News from Around the State
Charles Davis, county agent in Calhoun County, reported that “the biggest insect issue I see in cotton this week is an aphid population that refuses to go away. Populations are still high but came down a bit after some heavy rains early in the week. Kudzu bug numbers appear to be up this year from last year in soybeans.”
Andrew Warner, county agent in Hampton County, reported that he is seeing the aphid fungus taking out aphids in some fields. So, if the weather conditions continue to favor fungal epizootics, we should see aphids disappear very soon. There have been more reports of aphids lingering, so this is good news.
Aphids are likely on the natural decline, with reports of the fungus down in Hampton County, so if you are considering spraying for aphids, wait another week, if you think you can. We need to check for plant bugs until we get into bloom and start controlling stink bugs, and we need to check for spider mites each week for the rest of the season.
Captures of moths have increased in our pheromone traps, as has bollworm activity in the field. I am flushing moths as I walk through cotton, so it is time to scout for eggs, developing larvae that escape death by in-plant proteins (i.e. Bt cotton), and damaged plant structures.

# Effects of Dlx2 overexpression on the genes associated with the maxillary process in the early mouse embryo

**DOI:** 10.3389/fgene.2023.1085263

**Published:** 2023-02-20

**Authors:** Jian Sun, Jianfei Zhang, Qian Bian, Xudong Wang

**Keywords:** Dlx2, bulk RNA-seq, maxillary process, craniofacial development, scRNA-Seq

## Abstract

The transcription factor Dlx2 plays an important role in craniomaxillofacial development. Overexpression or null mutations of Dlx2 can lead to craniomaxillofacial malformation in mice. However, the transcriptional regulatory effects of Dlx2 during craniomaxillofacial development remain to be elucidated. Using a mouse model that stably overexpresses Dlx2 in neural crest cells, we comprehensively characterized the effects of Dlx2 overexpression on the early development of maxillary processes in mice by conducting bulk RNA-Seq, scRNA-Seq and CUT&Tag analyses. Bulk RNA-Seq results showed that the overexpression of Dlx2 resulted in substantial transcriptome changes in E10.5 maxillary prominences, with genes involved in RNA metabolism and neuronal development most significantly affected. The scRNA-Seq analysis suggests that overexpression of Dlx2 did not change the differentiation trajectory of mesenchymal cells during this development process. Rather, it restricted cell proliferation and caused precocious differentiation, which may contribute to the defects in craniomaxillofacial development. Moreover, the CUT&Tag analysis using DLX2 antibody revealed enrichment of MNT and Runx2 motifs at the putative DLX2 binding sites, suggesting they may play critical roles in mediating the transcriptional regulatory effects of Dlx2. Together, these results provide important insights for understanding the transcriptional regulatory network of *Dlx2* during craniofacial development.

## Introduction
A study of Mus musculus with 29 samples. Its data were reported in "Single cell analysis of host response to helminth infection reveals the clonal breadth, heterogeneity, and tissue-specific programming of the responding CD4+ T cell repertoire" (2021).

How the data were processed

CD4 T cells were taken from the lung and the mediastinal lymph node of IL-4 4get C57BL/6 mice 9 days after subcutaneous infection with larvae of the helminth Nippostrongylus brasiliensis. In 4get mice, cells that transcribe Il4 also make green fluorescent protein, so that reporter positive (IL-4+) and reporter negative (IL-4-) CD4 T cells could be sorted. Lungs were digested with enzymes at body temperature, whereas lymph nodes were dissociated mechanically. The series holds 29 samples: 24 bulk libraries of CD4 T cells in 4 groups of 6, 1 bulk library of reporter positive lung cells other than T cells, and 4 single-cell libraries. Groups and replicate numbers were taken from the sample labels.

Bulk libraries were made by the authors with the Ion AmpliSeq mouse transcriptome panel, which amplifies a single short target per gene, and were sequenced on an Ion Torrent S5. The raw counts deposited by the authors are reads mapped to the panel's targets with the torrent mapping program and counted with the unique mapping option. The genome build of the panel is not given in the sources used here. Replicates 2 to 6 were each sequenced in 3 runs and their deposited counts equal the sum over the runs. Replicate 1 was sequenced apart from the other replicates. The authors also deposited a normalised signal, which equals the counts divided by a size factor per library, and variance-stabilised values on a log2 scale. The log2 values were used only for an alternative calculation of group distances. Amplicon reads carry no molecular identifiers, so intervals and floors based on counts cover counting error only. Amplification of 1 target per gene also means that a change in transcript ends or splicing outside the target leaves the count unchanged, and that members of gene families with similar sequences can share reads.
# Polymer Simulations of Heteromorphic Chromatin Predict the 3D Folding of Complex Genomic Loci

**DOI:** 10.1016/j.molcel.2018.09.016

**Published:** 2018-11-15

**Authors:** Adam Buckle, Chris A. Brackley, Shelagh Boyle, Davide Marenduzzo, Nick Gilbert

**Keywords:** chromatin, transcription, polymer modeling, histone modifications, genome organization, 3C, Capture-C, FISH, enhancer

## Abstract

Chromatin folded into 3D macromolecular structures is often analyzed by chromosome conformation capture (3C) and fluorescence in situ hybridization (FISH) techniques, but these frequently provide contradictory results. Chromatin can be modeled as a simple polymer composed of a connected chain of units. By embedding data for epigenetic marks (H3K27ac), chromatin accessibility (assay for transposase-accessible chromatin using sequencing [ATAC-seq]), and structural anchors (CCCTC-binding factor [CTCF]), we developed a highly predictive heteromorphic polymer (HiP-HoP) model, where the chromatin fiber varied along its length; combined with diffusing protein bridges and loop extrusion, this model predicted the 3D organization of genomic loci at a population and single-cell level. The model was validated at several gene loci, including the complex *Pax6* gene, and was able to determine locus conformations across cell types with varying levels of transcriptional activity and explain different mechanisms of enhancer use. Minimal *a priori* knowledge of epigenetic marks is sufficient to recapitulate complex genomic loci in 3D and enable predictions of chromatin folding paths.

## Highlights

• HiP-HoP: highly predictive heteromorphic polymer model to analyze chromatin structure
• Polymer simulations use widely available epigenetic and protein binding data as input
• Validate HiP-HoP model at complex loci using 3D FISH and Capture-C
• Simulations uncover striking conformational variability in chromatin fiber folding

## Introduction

Most of our cotton is beginning to bloom. Some of it is still squaring, and some has been blooming for a week or more.
Click here to read this week’s AgFax Southeast Cotton.
You should know what week each cotton field starts to bloom. We define the first week of bloom when every other plant has an initial white bloom. After that, the calendar will tell you what week of bloom you are in, right? Right!
This is important because we know what weeks of bloom are most susceptible to stink bugs and bollworm. If you don’t know what week of bloom each field is in, you cannot properly manage those insect pests. Record the 1st week of bloom for each field!
ANY week of bloom is susceptible to injury from bollworm, but the initial weeks are critical, as the first application of insecticide sets the tone managing for bollworm for the remainder of the “insect season” in each field. It will take about 5 to 6 weeks of blooming to get through most of the bollworm window of susceptibility. We know that the 3rd through 5th week of bloom is a 3-week stretch where cotton is particularly susceptible to injury and yield loss from stink bugs.
We do not have any more of the cards and lanyards for sizing bolls and making control decisions for stink bugs, but the photos here provide the needed information for that. The publication below describes the technique in detail, and it is good to read this every now and then to make sure we are following the boll-injury procedure correctly.
As I mentioned last week, we have had some recent data that indicate that the pyrethroid insecticides might not be providing the level of control of bollworm that we have observed in the past. That being stated, we are not yet ready to change our recommendations. We are still recommending pyrethroids for control of stink bugs and any escaped bollworms, as that class of chemistry provides excellent control of stink bugs and should still be active on bollworm to some level.
Tank mixes of a pyrethroid plus a caterpillar material, such as Prevathon, Steward, Blackhawk, Intrepid Edge, or a pre-mixed product with a pyrethroid and lep material, such as Besiege, will likely become the standard in the near future.